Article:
Maule, Harry (DNB00)
MAULE, HARRY, titular Earl of Panmure (d. 1734), was the third son of George, second earl of Panmure, by his wife Lady Jean Campbell, eldest daughter of John, earl of Loudon, lord high chancellor of Scotland. In his youth he travelled on the continent, and spent much of his time at the courts of England and France. He was a member of the convention of estates in 1689, but left that assembly when he found it was determined to declare that James II had forfeited the crown. He joined eagerly in the rising of 1715, and with his brother, James, fourth earl of Panmure, fought at the indecisive battle of Sheriffmuir. The earl was taken prisoner by the royal troops, but was afterwards rescued by his brother under circumstances of great peril. This stirring incident is commemorated in the Jacobite ballad on the battle. In 1716 Maule was obliged to fly to Holland, where he devoted his leisure to the study of the civil and canon laws. Both before and after his return to Scotland he corresponded largely with the leading adherents of the Jacobite cause and other prominent men. From the leading Jacobites of the day he was constantly receiving news-letters, of a number of which abstracts are given in ‘Historical Manuscripts Commission,’ 1st Rep. App. pp. 117–19. His latter years were spent in his castle of Kelly, where he occupied himself in historical pursuits, and both he and his brother made extensive collections of chronicles, chartularies, and documents bearing on the history of Scotland, all of which are preserved in the library at Brechin Castle (Hist. MSS. Comm. 2nd Rep. p. 186). He appears to have been a nonjuror, and had much correspondence on religious topics with the Rev. James Greenshields, an episcopalian clergyman of Edinburgh, who had been thrown into prison for using the English prayer book. Sometimes he was styled Earl of Panmure, a title to which he would have succeeded on his brother's death but for the attainder. He died at Edinburgh in June 1734, and was buried in Holyrood Abbey.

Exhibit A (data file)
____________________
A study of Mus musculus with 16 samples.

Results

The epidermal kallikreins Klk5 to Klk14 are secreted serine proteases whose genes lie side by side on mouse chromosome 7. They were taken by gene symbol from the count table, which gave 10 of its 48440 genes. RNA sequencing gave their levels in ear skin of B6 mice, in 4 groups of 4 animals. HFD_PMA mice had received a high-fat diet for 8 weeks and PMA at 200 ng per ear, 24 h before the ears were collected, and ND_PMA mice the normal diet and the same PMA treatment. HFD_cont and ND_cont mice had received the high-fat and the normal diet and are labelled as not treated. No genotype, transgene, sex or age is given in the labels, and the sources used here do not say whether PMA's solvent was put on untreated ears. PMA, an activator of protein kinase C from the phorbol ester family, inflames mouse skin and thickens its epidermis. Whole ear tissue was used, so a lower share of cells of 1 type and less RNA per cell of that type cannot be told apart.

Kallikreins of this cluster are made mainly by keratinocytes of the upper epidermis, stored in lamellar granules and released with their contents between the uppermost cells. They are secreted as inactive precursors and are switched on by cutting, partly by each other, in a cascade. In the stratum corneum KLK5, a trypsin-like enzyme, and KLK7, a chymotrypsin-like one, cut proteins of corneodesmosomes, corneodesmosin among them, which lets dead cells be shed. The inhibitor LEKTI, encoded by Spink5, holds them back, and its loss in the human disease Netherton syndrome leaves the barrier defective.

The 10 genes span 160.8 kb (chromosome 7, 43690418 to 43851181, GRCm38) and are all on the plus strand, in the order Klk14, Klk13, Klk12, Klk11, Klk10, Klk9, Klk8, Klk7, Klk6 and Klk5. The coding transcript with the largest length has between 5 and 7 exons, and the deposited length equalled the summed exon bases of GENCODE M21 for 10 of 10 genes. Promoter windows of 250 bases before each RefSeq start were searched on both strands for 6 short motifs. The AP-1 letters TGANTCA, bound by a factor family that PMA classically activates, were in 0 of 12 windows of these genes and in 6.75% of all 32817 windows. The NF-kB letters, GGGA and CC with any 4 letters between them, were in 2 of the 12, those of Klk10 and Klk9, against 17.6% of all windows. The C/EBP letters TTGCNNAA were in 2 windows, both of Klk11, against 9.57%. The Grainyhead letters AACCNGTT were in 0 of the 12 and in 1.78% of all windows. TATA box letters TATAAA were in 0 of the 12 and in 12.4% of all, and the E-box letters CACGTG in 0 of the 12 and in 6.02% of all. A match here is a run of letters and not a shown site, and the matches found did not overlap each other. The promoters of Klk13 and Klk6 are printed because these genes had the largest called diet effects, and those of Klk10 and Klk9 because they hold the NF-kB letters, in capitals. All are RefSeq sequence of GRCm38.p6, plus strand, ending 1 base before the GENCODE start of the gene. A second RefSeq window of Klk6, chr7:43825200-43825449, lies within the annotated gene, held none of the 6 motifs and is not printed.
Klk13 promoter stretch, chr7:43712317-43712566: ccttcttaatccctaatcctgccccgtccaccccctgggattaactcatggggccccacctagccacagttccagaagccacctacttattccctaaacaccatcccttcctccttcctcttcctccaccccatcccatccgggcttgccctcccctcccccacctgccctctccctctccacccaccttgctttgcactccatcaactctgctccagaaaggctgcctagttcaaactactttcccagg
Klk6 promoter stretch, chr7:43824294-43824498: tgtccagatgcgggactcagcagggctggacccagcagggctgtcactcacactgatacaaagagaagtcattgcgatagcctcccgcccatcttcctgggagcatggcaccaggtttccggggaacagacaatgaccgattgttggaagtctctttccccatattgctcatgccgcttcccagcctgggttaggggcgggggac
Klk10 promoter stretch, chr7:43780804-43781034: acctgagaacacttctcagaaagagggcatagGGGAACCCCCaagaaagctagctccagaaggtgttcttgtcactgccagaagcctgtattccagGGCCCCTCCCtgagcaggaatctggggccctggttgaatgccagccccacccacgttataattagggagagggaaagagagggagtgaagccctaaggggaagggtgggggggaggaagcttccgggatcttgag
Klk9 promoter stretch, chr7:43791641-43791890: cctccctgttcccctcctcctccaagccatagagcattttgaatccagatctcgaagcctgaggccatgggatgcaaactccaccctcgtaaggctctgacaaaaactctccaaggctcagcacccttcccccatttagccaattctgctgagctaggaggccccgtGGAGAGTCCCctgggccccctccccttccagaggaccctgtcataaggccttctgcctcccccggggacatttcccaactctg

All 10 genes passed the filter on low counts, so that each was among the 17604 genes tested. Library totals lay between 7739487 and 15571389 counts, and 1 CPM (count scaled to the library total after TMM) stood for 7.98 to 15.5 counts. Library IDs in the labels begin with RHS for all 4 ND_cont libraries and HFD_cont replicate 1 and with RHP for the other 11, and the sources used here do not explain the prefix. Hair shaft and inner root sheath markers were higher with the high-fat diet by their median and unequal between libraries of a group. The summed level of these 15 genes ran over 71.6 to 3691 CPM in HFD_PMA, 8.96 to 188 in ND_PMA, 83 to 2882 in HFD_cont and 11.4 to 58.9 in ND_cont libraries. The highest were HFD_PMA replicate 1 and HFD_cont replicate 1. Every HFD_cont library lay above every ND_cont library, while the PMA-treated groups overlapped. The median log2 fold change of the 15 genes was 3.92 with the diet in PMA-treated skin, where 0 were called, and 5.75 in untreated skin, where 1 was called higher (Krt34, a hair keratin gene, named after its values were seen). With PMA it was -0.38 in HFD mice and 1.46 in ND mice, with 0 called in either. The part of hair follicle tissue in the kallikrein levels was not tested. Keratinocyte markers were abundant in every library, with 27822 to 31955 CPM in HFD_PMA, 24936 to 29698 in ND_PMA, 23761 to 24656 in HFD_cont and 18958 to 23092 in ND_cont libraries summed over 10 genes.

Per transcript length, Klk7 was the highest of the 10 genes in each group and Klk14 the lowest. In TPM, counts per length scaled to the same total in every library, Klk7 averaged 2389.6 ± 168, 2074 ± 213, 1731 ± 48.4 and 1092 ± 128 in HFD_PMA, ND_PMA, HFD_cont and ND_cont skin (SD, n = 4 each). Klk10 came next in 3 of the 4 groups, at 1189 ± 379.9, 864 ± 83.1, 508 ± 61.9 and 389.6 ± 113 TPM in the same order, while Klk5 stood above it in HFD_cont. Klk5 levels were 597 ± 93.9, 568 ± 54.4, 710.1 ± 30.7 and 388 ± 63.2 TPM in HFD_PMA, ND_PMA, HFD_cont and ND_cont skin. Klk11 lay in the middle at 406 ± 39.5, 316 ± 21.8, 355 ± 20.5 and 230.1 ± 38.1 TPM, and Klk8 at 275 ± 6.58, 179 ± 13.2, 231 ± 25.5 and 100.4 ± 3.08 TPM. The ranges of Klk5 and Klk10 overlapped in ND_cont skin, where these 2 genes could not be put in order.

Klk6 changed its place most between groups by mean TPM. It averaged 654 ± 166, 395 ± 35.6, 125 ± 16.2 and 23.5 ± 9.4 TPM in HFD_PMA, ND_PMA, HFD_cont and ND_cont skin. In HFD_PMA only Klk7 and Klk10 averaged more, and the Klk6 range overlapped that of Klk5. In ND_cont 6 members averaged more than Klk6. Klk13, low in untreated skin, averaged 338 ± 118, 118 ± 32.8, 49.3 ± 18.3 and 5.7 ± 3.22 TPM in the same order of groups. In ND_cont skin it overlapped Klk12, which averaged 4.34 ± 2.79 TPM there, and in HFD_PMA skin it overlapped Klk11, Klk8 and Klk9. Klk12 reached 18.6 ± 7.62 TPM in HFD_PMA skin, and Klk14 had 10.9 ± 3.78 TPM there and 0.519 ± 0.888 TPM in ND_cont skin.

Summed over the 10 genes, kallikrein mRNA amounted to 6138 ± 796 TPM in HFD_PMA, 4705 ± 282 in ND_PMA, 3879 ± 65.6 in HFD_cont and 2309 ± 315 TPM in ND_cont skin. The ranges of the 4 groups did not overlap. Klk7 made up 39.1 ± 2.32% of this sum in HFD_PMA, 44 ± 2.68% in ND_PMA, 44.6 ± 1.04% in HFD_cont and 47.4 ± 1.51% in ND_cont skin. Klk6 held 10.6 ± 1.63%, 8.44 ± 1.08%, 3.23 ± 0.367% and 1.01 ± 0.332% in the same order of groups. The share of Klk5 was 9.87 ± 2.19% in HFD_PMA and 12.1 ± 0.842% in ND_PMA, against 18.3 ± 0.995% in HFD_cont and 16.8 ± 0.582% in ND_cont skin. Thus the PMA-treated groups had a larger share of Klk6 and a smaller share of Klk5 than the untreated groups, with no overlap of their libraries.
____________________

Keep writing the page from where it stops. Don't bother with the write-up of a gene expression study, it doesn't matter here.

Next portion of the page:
He married, first, in 1695, Lady Mary Fleming, only daughter of William, fifth earl of Wigton; and secondly in 1704 Anne, second daughter of the Hon. Patrick Lindsay of Kilburnie, and sister of John, first viscount Garnock. Among the children by his first wife was James Maule, who assisted him in his historical researches, and who died unmarried on 16 April 1729. Among the issue of the second marriage was John Maule, who became a member of parliament and one of the barons of the court of exchequer in Scotland, and who died unmarried on 2 July 1781.
Maule was the author of ‘Registrum de Panmure. Records of the Families of Maule, De Valoniis, Brechin, and Brechin-Barclay, united in the line of the Barons and Earls of Panmure. Compiled by the Hon. Harry Maule of Kelly, A.D. 1733. Edited by John Stuart, LL.D.,’ with illustrations and facsimiles, 2 vols. 1874, 4to. Prefixed to this magnificent work, of which only 150 copies were privately printed, is a portrait of the author in armour, engraved from the original at Dalhousie Castle.
[Memoir by Stuart prefixed to the Registrum de Panmure; Douglas's Peerage of Scotland (Wood), ii. 355.]